Nicaragua’s government said Wednesday its consulates in the United States will provide assistance for 5,300 of its citizens soon to lose temporary protection status under the termination of a US program.
The diplomatic missions in Florida, New York, Washington DC, California and Texas “are at the disposition of our compatriots” to help with their US migration status before the end of the program on January 5, 2019, the presidency said in a statement.
The US government on Monday announced it was ending the Temporary Protected Status (TPS) program extended to Nicaraguans. The decision came as President Donald Trump’s administration tries to restrict the flow of immigrants and refugees on many fronts.
Nicaragua said it was working with migrant support groups in the United States to contact its citizens and establish their plans in light of the announcement.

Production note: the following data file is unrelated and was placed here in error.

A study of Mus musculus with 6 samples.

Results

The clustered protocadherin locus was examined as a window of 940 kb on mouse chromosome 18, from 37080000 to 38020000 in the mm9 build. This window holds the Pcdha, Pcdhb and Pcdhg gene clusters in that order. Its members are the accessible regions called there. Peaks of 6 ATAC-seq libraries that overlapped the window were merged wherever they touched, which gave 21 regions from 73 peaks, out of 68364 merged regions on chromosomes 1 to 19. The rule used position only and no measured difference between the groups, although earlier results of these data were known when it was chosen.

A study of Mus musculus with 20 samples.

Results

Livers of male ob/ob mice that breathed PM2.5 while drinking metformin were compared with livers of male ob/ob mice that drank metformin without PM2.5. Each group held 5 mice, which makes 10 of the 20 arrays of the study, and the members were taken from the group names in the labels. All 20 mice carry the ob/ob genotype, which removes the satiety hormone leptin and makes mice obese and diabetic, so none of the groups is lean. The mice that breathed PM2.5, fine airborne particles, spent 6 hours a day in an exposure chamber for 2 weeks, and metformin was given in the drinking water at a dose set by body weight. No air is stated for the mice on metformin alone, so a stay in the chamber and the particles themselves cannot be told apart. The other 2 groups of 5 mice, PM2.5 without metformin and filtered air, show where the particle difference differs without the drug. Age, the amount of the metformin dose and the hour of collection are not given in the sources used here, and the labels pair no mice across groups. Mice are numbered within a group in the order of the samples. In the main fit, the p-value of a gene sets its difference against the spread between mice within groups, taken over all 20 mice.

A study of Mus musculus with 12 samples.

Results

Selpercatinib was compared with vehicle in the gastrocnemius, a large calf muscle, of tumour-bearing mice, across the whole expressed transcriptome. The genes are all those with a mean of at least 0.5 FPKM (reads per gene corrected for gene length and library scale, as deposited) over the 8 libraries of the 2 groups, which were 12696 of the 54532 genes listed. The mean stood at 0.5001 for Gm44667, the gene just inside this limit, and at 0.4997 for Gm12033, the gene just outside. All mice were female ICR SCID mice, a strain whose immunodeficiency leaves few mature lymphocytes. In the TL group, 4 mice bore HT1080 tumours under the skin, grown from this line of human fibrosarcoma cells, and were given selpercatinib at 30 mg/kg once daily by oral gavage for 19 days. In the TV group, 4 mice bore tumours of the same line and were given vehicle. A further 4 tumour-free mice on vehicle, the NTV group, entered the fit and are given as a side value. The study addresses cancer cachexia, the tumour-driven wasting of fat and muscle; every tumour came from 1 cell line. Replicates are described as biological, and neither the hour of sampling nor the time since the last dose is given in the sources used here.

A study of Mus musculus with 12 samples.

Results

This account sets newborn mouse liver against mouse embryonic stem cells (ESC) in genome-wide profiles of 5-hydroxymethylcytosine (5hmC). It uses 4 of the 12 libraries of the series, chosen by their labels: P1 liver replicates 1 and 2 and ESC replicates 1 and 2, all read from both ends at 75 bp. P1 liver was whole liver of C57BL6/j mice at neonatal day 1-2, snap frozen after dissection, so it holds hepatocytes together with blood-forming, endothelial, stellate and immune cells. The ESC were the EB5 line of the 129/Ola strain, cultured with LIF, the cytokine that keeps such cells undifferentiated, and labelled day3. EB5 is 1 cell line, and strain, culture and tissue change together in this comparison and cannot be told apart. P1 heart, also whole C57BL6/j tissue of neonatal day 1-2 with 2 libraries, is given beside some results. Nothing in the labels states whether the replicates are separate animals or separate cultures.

The program will not end for more than a year, a deadline intended to give eligible Nicaraguans time to seek alternative legal status in the US or arrange their departure.
Nicaraguans, Hondurans and Salvadorans were granted temporary protected status in the US after Hurricane Mitch slammed Central America in 1998, with renewals granted following other natural disasters. Thousands of Haitians later also received TPS following the 2010 earthquake that devastated their nation.
Most TPS migrants arrived in the United States without legal papers, but were allowed to stay and work because of instability in their home countries.
The US Department of Homeland Security was renewing TPS status for Hondurans for another six-month period, until July 2018, while it makes a final decision on whether to end the program for them, too.